178998 Hepatitis prevention activities in public health and primary care clinics that serve migrants

Monday, October 27, 2008

Claire Loe, MPH , Community Health Education Concepts, Austin, TX
Craig W. Johnson, PhD, MA , School of Health Information Sciences, University of Texas Health Science Center at Houston, Houston, TX
Edward Zuroweste, MD , Migrant Clinicians Network, State College, PA
Deliana Garcia, MA , Migrant Clinicians Network, Austin, TX
Carmen L. Retzlaff, MPH, CHES , Community Health Education Concepts, Austin, TX
Kathryn M. Anderson, MA , Community Health Education Concepts, Austin, TX
Jillian Hopewell, MPA, MA , Migrant Clinicians Network, Austin, TX

Chronic disease prevention among low income populations is an important role of local health departments and migrant and community health centers. This study compared clinic system factors that affect hepatitis prevention activities in clinics serving migrants.


Researchers completed a Physical and Social Environment Scale (PSES) at 27 clinics, 15 primary care and 12 public health, that serve migrants. The scale captures clinic environment factors hypothesized to affect prevention activities. Researchers rated clinics on nine factors grouped into general environment, clinic process, and hepatitis-related subscales.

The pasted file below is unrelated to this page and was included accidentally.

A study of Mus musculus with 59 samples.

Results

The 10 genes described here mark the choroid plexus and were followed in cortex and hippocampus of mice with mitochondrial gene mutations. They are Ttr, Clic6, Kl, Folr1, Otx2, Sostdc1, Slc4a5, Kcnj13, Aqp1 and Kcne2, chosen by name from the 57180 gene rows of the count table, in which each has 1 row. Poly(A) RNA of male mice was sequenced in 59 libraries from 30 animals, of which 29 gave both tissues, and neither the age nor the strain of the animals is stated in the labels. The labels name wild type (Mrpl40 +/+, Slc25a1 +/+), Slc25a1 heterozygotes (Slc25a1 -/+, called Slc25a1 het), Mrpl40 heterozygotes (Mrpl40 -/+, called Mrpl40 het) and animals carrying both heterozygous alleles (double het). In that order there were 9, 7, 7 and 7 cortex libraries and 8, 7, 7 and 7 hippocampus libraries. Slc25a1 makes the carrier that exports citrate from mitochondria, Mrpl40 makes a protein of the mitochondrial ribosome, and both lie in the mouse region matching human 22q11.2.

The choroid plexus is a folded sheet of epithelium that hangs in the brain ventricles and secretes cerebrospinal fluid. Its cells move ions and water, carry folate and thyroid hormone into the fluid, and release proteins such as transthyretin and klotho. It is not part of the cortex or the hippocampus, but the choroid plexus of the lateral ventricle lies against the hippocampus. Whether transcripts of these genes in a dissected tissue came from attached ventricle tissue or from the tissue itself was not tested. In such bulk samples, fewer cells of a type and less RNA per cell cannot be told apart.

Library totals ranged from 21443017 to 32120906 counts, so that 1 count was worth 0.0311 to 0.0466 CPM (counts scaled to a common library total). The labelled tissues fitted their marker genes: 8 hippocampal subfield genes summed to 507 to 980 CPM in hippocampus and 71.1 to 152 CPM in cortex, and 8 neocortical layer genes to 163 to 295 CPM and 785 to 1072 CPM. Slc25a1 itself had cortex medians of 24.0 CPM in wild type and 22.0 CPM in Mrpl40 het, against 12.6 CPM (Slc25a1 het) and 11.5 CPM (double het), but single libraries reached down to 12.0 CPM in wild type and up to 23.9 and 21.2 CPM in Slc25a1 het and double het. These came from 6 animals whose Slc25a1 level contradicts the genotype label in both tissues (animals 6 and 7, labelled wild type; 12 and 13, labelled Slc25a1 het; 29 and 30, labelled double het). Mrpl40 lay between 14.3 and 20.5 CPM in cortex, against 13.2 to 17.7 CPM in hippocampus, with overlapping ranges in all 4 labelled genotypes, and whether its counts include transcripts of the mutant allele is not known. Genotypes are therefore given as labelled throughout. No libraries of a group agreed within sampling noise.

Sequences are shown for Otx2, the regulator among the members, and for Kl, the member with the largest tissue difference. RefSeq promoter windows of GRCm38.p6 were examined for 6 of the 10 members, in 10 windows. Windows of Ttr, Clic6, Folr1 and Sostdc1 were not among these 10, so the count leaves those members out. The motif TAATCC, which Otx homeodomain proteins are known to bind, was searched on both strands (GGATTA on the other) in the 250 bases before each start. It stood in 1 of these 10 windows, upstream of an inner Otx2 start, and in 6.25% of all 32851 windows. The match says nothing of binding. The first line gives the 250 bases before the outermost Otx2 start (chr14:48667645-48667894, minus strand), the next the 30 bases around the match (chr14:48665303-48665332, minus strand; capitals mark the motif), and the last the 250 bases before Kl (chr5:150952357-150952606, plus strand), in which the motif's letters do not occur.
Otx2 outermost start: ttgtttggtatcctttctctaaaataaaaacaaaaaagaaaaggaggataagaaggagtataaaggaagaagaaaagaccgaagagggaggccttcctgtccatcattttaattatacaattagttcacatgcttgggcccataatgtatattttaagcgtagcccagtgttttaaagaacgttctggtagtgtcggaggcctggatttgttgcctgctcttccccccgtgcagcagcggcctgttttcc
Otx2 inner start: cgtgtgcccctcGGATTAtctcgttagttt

Cronbach's alpha for the instrument was 0.78 indicating good reliability. Cronbach's alphas for the three subscales were 0.79, 0.30 and 0.72, respectively.


MANOVA revealed primary care and public health clinic environments differed significantly, F(3,21)=5.39, p = .007, in their PSES scores. Public health clinics received higher scores for two of the three subscales, content F(1,23)=11.62, p = .002, and process, F(1,23)=6.07, p = .02. The substantial difference in content (Cohen's d = 1.14 SD) and process (d = 0.90 SD) exceeded Cohen's 0.8 “large” standardized effect size criterion.


Local health departments are more likely than migrant and community health centers to include physical and social environment factors thought to promote hepatitis prevention activities. This suggests that the primary care centers may be able to address gaps in their delivery of preventive care services through changes in the physical and social environment as defined by this study.

Learning Objectives:
1. Identify components of the physical and social environment of a clinic. 2. Describe how the physical and social environment of a clinic can affect the provision of communicable disease prevention education in a clinic setting. 3. Consider differences between public health and primary care centers that may affect their physical and social environment.

Keywords: Clinical Prevention Services, Hepatitis B

Presenting author's disclosure statement:

Qualified on the content I am responsible for because: I have been integrally involved in the design, implementation, evaluation and analysis of this project.
Any relevant financial relationships? No

I agree to comply with the American Public Health Association Conflict of Interest and Commercial Support Guidelines, and to disclose to the participants any off-label or experimental uses of a commercial product or service discussed in my presentation.